Today we're going to take a look at a unique home on the Isle of Tiree on the west coast of Scotland. Designed by architects Denizen Works in October 2010, the build is comprised of two houses, a Living-house and a Guest-house , linked by a utility wing. The brief was to create a house that reflects the character and heritage of the island—this meant incorporating local materials and building forms in keeping with with the typical architecture of the area, such as soft roof forms, chimneys and corrugated cladding.
The Guesthouse is particularly connected to the surrounding environment, with its robust deep-set stone walls and black and white tarred roof. The Living-house is the social hub of the home and includes spacious living and sleeping areas, whereas the practical facilities such as bathroom, laundry room and play room are located in the Utility area, which connects the two houses, allowing the family occupying the home to move easily between the spaces as they please. As you will see from the images, the interior is inspired by the relaxing coastal location, employing a white and blue colour palette and light wooden flooring. Let's take a closer look:
The two main sections of the home are distinctively different in their shape, though the black and grey colour scheme and similarity creates a flow between the separate buildings. The location is very exposed, with no natural land mass or vegetation to provide shelter from the elements. This has been taken into consideration during the design process, with walls and raised banks allowing for shelter on all sides, while still allowing natural light and the warmth of summer sunshine into the house.
Access to the property is placed at the back, where you can find a small, private yard. With green open spaces as far as the eye can see, and sea views for miles, there's no need for an extravagant back garden.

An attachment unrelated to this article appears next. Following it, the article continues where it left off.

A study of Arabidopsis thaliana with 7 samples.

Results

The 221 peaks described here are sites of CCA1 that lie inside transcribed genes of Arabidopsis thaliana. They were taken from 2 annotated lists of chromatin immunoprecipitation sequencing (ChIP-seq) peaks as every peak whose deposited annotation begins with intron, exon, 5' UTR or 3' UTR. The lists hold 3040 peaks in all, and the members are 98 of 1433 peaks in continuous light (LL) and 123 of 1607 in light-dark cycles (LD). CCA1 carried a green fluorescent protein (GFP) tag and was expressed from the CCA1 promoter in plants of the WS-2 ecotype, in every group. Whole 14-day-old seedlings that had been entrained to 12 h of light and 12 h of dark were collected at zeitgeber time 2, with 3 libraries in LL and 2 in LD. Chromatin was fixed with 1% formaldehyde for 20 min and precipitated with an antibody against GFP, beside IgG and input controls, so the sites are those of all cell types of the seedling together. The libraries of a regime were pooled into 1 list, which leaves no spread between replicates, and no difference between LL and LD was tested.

Stairs up to a raised platform give us direct access to the living area. The combination of materials, colours and finishes isn't commonly seen in domestic architecture, which makes this house look particularly contemporary and intriguing.
You can see why this location was chosen to build this stunning family home, which replaces a ruined, B-listed black-house. Like the previous home, the new build overlooks beautiful Duin Bay, though the cutting edge architecture and modernist interiors are as far from the previous cottage as they could possibly be.
Natural colours and materials build a relationship with the outdoors, whilst maintaining a welcoming and cosy atmosphere that is exactly what you want to come home to after a long walk, taking in the crisp sea air. High quality finishes and carefully chosen furnishings are in keeping with the thoughtfully considered and impressive façade. The hanging silver light fixtures and grey dining chairs introduce a hint of the industrial style chic into the room, though the overall look is soft and homely.
The cool white walls are in keeping with the quiet, peaceful location: the light wooden floors compliment the grey and off-white stone wall outside, and also recalls the soft, pale colour of the sand that can be found around a hundred yards away. Muted pastels add a touch of colour to the stripped back interiors, and the log burner is a suitable addition for cosy nights in away from the wind and the cold outside.
Here you can see the area which connects the two buildings. A glass roof allows in floods of natural light, and even looks nice with a coat of raindrops, catching the occasional ray of sun. This functional area is still extremely stylish and modern, and attention to detail is just as important here as in any other part of the home.
Another traditional looking wood burner can be seen in the hollowed out fire place of this bedroom. A neutral palette appears again in this room, which like the lounge, is furnished with only a few key pieces that complement the landscape. The vintage-look wooden trunk in the centre of the room, which could easily be used as a coffee table, looks as though it belongs to a pirate ship. Who knows what sorts of treasures could be locked away inside!
The bedroom should be a relaxing space that you can switch off after a long day. The cool tones of blue, grey and white, which we also saw in the sitting and dining room, allow for just this. The well though-out lighting options can give you a bright and beaming light source when you're getting ready, or a low, dim glow when you want to chill out and read a book before going to sleep. The same floorboards run throughout each room, creating a uniform flow which also creates an impression of space.